February 24, 2012 07:00 PM by Candace Young
The last time on NBC‘s Who Do You Think You Are?, movie actress Marisa Tomei traveled to Italy to find out the real story behind the murder of her great grandfather. Keep reading for all of the highlights from this week’s episode as actor Blair Underwood gets in touch with his parents’ roots…
Blair Underwood is best known for his stint on L.A. Law and is a five-time winner of the NAACP Image Award. His father is a retired army colonel, and his grandfather was the second African-American police officer in Ohio. He doesn’t know much about his mother’s side – the Royalls.
He begins his journey on Who Do You Think You Are? by traveling to Virginia to get information on his grandmother, Bessie-Mae Royall, and great-grandmother, who was a White. Blair’s brother, Frank Jr., is there and has been researching their father’s side of the family, but hit a brick wall.
Blair goes to the Library of Virginia to get started with a genealogist. They trace his mother’s roots back to the Earlys, and learns that his great, great, great grandfather, Sauney Early, was in a mental hospital in 1900 following the Civil War. Going back, he learns that the man was a slave in 1860. Blair realizes he’s hit the wall as slaves weren’t a part of the census. He knows Sauney was freed by 1870, but wants to find out how he ended up in a mental hospital.
Through newspaper clippings, Blair learns that Sauney was known as an eccentric character who believed himself to be the second Jesus, and who was shot a few times during altercations involving cows. They find out that Sauney got shot yet again in a dispute over timber, but survived. To tie the stories together, Blair travels with the man from the library to the spot where the conflicts took place and where Sauney lived – now an open field. The man tells Blair he suspects Sauney was a conjurer, which would explain him being viewed as eccentric. Further research reveals that the cows in the stories were threatening Sauney’s family’s supply of corn. Blair assumes that he ended up being committed because he was shot four times defending his rights and wasn’t giving up.
Next, Blair turns his attention to the ancestry of his great, great grandmother – Ada White. In Lynchburg, the genealogist tells Blair that Ada’s father was Delaware Scott. They find him in an 1860 census, which indicates that he was free, not a slave, and that he was a barrel-maker and property owner. His mother was Judith Scott. He wonders how they became free.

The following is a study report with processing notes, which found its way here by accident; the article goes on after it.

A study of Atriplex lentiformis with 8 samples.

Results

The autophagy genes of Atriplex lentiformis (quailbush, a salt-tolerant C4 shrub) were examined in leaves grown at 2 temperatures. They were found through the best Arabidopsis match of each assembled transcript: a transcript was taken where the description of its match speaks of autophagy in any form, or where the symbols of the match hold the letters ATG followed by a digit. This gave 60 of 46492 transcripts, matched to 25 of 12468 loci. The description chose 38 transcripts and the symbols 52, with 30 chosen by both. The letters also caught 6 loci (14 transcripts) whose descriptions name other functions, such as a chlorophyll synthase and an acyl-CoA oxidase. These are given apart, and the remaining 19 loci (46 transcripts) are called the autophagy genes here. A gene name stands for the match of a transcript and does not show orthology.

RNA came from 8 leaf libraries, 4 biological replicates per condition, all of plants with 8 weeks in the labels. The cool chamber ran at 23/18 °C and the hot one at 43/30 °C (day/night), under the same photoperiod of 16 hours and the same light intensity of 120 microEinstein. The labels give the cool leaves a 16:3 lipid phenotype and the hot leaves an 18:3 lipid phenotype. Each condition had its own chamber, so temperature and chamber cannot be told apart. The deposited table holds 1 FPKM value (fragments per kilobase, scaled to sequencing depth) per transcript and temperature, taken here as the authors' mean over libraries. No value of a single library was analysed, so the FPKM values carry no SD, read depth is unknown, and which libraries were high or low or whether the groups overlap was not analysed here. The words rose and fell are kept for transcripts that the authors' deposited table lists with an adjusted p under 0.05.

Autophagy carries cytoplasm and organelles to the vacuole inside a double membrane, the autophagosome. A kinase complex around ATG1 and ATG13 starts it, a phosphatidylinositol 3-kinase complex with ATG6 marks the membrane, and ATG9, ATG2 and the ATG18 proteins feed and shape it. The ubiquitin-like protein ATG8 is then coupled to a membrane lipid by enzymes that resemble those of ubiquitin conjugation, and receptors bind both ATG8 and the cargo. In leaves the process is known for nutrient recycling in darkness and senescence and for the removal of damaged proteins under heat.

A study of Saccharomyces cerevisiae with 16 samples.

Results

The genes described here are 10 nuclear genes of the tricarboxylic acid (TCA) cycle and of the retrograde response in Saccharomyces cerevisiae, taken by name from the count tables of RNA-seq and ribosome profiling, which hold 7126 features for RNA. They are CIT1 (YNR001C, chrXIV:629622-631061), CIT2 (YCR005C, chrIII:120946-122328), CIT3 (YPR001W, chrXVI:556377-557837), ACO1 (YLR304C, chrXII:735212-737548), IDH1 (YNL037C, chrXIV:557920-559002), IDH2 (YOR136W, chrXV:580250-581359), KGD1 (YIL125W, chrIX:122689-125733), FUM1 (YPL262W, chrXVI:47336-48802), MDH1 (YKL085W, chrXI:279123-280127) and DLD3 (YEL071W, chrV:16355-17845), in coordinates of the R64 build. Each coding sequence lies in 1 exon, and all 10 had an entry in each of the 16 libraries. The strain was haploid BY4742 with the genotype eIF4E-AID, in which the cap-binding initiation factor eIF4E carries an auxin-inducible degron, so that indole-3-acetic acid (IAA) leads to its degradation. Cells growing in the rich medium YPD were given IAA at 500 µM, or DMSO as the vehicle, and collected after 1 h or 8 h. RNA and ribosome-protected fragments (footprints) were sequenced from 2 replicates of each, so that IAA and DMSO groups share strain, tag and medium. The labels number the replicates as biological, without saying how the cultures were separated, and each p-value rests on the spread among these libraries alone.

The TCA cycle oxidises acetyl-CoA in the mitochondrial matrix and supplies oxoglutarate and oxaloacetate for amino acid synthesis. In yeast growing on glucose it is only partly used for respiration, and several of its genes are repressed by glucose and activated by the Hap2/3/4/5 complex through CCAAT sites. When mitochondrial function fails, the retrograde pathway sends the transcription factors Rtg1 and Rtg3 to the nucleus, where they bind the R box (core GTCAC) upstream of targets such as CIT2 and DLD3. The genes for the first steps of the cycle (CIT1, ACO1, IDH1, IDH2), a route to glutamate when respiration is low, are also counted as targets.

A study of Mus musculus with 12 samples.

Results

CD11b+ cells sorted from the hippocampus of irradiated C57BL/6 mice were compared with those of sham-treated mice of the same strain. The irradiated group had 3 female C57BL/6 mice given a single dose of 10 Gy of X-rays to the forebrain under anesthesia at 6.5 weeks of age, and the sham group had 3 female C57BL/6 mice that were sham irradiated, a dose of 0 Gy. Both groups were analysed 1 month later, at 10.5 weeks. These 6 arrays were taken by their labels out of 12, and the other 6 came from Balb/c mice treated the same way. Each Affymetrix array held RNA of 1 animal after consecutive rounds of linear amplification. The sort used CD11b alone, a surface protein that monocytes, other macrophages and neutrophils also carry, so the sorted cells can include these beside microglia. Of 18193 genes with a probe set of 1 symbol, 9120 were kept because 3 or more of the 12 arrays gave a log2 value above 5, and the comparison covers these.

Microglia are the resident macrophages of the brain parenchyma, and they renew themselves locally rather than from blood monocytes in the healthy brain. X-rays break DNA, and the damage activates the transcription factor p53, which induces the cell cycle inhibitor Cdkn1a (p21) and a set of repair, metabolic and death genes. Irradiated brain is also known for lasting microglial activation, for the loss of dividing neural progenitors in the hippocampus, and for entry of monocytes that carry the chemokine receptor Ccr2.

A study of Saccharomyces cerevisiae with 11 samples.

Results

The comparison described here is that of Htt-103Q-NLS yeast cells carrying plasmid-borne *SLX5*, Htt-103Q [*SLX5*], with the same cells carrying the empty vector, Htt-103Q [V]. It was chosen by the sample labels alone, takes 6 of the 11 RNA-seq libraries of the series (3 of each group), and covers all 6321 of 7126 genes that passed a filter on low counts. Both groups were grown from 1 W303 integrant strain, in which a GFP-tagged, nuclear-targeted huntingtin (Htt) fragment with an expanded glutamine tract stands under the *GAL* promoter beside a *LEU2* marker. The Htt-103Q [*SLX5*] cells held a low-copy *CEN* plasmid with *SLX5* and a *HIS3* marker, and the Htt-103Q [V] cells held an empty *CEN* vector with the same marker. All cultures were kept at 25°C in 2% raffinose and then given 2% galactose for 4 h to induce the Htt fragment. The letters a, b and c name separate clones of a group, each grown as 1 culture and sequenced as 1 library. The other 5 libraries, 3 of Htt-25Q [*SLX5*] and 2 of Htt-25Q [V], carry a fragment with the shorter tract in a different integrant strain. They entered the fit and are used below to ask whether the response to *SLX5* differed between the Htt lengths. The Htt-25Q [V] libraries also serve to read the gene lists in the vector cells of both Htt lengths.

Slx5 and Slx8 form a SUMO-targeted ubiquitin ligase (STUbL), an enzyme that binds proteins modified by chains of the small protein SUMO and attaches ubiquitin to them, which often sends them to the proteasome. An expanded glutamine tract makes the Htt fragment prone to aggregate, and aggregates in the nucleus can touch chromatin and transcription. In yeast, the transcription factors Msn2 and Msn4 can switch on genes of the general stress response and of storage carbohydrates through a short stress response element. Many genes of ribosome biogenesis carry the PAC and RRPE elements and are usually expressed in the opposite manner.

At the Library of Virginia, Blair is able to discover that Delaware was born free in the 1820′s, which means his mother was free – the status comes from the mother. Further research shows that Judith’s family was free before 1806, and that her husband was Samuel Scott. Blair is so proud to be descended from this family who were free as early as 1790.
Upon visiting the baptist church in Lynchburg, they establish that Samuel was buying land (around 200 acres) in 1806. He’s stunned to learn that Samuel owned two slaves! It’s revealed that the slaves were probably elderly family members who Samuel was taking care of – the slave status allowed them to stay in the state during a time when freed slaves had to leave. There are no more records of the Scotts – he’s hit the wall again.
Time to turn his attention to his father’s side of the family. DNA testing shows that Blair is 74% African and 36% European. Upon analyzing the African DNA, they are able to find the closest tribes and find a DNA match for a cousin in Cameroon – Eric Sonjowoh.
Blair travels to Cameroon with his father in tow to reconnect with his African family. They meet Eric and his father and embrace emotionally. The tribe celebrates. They go into a house to have a discussion about the slave trade in Cameroon in the past, and Eric explains how he came to enter his DNA in the Ancestry.com database in order to help connect with Americans trying to trace their roots. Blair issues an invitation to Eric to visit him in the United States.
Blair is thrilled to have found proud, dignified people on both sides of his family. He feels certain voids are filled – who he thought he was, is different from who he knows he is today.